Officials with The Howard Hughes Corp. announced in an Oct. 27 news release plans for the first phase of commercial development for Bridgeland Central, a 925-acre mixed-use town center.

Village Green at Bridgeland Central will be a 23-acre project featuring a 100,000-square-foot H-E-B and a 49,000-square-foot mass timber office building inspired by modern agrarian architecture. Both elements of the development are slated to open in 2024 near the Grand Parkway. Other plans for Village Green include restaurants, retailers and service providers.

At build-out, Bridgeland Central will offer office, retail, multifamily housing, dining, hospitality, entertainment and public spaces.

“Bridgeland Central’s scale, design and the breadth of offerings will be unlike anything that exists in Northwest Houston,” said Jim Carman, president of the Houston Region for The Howard Hughes Corp., in a statement. “Howard Hughes strives to create unparalleled experiences within its master-planned communities, and Bridgeland Central will be no exception, meeting the demand for our hallmark quality of life as the community continues to grow.”

The H-E-B at the intersection of Bridgeland Creek Parkway and Summit Point Crossing is the grocer’s first location in the Bridgeland master-planned community.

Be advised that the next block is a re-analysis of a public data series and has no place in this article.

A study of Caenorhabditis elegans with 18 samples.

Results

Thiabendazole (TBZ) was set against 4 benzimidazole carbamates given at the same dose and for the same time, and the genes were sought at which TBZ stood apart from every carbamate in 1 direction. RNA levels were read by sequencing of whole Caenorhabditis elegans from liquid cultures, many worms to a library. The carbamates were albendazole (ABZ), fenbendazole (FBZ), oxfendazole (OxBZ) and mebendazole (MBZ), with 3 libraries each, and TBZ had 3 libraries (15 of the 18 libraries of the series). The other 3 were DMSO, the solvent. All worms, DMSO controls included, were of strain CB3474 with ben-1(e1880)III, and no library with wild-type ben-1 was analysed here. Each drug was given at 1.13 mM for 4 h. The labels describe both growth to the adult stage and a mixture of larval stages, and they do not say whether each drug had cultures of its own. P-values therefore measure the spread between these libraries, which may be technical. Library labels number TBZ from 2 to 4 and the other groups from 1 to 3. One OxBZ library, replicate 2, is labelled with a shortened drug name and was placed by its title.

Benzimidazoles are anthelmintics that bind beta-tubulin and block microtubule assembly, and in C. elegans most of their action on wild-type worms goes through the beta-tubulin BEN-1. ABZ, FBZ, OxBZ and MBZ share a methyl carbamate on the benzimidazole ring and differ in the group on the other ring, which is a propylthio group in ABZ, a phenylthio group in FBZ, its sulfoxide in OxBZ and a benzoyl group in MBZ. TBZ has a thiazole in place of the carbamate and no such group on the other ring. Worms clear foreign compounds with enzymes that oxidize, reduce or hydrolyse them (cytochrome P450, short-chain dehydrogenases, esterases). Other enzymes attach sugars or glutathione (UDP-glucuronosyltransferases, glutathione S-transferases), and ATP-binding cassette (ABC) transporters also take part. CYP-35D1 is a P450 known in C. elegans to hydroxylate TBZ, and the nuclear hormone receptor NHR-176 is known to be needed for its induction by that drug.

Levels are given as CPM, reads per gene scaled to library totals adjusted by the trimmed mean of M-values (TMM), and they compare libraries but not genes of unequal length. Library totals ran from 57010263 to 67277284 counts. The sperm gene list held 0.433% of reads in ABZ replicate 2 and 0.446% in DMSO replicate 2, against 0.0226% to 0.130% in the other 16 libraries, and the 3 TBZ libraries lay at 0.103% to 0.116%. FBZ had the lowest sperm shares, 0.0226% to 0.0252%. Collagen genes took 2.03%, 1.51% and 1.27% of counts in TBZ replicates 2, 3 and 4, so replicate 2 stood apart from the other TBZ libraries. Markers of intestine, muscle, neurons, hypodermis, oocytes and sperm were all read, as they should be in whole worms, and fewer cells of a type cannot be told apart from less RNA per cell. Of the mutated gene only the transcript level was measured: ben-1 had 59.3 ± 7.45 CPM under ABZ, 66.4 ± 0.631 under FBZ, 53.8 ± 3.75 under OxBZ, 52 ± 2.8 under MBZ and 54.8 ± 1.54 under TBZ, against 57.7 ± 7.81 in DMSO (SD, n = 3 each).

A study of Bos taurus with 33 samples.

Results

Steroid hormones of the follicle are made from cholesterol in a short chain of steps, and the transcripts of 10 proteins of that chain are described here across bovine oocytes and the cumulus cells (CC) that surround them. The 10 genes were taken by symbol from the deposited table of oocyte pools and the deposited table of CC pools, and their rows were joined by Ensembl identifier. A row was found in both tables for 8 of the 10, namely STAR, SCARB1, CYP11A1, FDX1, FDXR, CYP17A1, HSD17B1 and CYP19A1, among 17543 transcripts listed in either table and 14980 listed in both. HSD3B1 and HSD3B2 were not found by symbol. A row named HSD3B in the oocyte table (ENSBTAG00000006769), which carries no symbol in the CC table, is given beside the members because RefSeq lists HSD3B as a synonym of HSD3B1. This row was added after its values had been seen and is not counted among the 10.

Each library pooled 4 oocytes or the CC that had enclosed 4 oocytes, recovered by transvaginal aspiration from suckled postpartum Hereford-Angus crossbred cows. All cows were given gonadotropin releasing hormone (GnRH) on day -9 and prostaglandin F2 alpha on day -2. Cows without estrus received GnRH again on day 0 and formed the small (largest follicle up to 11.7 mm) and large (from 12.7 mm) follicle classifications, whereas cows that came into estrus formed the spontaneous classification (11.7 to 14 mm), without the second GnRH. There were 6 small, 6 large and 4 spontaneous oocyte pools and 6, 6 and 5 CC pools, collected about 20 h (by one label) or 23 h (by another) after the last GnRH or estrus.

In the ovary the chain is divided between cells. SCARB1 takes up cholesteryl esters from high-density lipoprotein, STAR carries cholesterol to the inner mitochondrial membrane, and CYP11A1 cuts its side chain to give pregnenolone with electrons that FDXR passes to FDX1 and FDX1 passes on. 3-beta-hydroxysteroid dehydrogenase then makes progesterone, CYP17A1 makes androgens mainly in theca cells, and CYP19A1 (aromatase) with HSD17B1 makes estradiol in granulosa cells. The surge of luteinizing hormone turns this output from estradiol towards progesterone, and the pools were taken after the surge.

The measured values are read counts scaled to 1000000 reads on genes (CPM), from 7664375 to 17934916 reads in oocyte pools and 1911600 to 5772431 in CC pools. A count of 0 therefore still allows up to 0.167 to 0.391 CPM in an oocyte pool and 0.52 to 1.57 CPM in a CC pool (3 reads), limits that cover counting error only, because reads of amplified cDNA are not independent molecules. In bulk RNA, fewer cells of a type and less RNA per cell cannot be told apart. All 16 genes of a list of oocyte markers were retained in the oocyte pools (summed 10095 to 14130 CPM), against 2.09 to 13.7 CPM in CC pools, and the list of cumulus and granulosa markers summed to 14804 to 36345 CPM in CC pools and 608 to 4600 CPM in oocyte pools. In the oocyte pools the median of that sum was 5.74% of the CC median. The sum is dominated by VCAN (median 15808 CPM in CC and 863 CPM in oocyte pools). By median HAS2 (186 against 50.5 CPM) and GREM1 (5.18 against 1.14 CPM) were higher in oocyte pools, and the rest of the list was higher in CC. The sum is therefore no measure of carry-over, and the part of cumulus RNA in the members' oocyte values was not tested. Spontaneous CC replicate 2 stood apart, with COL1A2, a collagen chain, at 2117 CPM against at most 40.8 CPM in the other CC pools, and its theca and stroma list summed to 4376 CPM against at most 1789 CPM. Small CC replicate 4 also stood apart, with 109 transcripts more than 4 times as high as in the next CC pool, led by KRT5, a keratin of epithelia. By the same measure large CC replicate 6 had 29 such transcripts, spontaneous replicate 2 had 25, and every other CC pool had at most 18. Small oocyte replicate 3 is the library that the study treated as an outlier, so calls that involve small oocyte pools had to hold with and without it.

“Our Houston Region remains a priority for H-E-B, and we continue to make significant investments expanding our footprint to serve all of our neighbors,” said Armando Perez, H-E-B Houston’s executive vice president, in the release. “We are excited to bring a store to the Bridgeland community to meet the needs of this growing area.”

According to the news release, the mass timber office building will also be a first for the Greater Houston region and reflects The Howard Hughes Corp.’s dedication to sustainable development practices.

Officials said materials such as mass timber and low-carbon concrete reduce greenhouse gas emissions by about 20% compared to what a typical steel and concrete facility would produce. Additionally, the project should reduce annual energy usage by 25% and municipal water consumption by 98% with the help of a rainwater harvesting cistern.

“Prioritizing sustainability and resiliency is at the forefront of our long-term approach to developing large-scale master-planned communities where people want to live for generations,” Carman said. “This first-of-its-kind project in the region exemplifies our commitment throughout Bridgeland to exploring cutting-edge sustainability within office design.”